The trip included a sports exchange against Papakura High School pupils in South Auckland.
Following the sports exchange, parents on the trip, who mostly worked in the rural sector, talked about how great it would be to get some of the Papakura pupils down south to have a rural experience and "show them what we do".
Initiative co-ordinator Steph Dew, a dairy farmer in Tapanui, said the initiative became "her baby" and it grew quickly.
She secured funding from the Ministry for Primary Industries and sponsorship from Farmlands, Fergburger, Mataura Licensing Trust, Silver Fern Farms and Skyline Enterprises and then the Rural Employment Initiative was launched.
"The kids don’t know they can walk out of school and walk straight into a well-paid job with accommodation. They are young, fit and capable, but they don’t know the opportunities out there."
The eight year 12 and 13 pupils and a support teacher arrived for a six-day experience on April 19.
The pupils stayed in three caravans on the Tapanui dairy farm.
The initiative included the group visiting Harliwich Contracting, where Luke Harliwich talked to them about the contracting sector.
Then they visited Road Transport Logistics, where Bruce Robertson talked about the trucking industry.
Farrier Bill Butler gave a demonstration and allowed the pupils to hammer nails into a horseshoe.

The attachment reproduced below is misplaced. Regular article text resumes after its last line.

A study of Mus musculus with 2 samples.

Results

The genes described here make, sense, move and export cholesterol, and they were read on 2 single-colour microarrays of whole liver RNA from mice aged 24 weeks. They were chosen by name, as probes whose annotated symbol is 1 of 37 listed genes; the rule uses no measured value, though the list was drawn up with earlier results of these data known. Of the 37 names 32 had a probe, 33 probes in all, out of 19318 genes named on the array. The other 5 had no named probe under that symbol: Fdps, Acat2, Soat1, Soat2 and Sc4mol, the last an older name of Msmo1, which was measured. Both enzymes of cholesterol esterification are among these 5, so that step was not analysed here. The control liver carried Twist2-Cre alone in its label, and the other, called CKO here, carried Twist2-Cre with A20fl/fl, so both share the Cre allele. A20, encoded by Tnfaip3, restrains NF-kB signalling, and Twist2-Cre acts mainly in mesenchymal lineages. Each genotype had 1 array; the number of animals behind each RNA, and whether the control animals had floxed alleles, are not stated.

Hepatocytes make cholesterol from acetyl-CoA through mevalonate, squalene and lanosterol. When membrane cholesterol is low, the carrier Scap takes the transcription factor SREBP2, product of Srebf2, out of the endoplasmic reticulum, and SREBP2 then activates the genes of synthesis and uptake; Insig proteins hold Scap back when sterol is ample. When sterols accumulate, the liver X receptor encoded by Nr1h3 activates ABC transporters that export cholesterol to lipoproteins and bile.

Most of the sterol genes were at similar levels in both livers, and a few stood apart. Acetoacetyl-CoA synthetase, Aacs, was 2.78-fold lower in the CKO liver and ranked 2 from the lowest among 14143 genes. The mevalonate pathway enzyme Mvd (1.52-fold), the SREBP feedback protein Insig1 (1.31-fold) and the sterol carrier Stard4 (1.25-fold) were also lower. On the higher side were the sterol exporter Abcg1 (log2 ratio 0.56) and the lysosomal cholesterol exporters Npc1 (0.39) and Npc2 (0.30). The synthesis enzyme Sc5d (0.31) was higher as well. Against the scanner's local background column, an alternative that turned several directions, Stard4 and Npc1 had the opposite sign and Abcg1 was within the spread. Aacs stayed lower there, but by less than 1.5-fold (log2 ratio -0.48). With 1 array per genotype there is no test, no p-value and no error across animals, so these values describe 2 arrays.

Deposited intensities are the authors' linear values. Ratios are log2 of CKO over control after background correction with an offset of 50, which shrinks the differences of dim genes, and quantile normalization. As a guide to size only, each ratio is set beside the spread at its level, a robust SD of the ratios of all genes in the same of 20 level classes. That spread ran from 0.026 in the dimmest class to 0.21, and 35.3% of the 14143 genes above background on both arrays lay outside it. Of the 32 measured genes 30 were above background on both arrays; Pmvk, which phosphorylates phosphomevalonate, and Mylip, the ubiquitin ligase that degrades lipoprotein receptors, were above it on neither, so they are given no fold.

Tony Roberts and his daughter Kate Roberts talked to the pupils about their farm Top Deck Deer.
The pupils gave sheep shearing a go on the farm of Paul and Debra McKenzie, under the guidance of Southern Heights Shearing staff.
Each pupil spent a day on eight separate dairy farms in the district.
"I was really impressed — they were all driving tractors, milking cows and putting up fences. All the farmers raved about it because the kids were asking questions and they wanted to try things," Mrs Dew said.
There was also time for other rural activities, including fishing, clay bird shooting, eeling, hiking in the Blue Mountains and a game of netball against members of the West Otago Young Farmers Club.
The members shared stories of their experiences in the rural sector.
This school term, the pupils would make a presentation on the experience at an assembly at school, which has a roll of more than 1000 pupils.
The initiative was being taken over by the ministry, which would follow up with the pupils to offer suitable programmes to enter the rural sector.
Mrs Dew was writing a report on the initiative for the ministry to decide if they would seek a sponsor to continue the initiative.
Word-of-mouth about the initiative had spread to other pupils at the school in South Auckland.
"There’s a heap of interest."
She thanked the businesses and farmers across Otago for their support.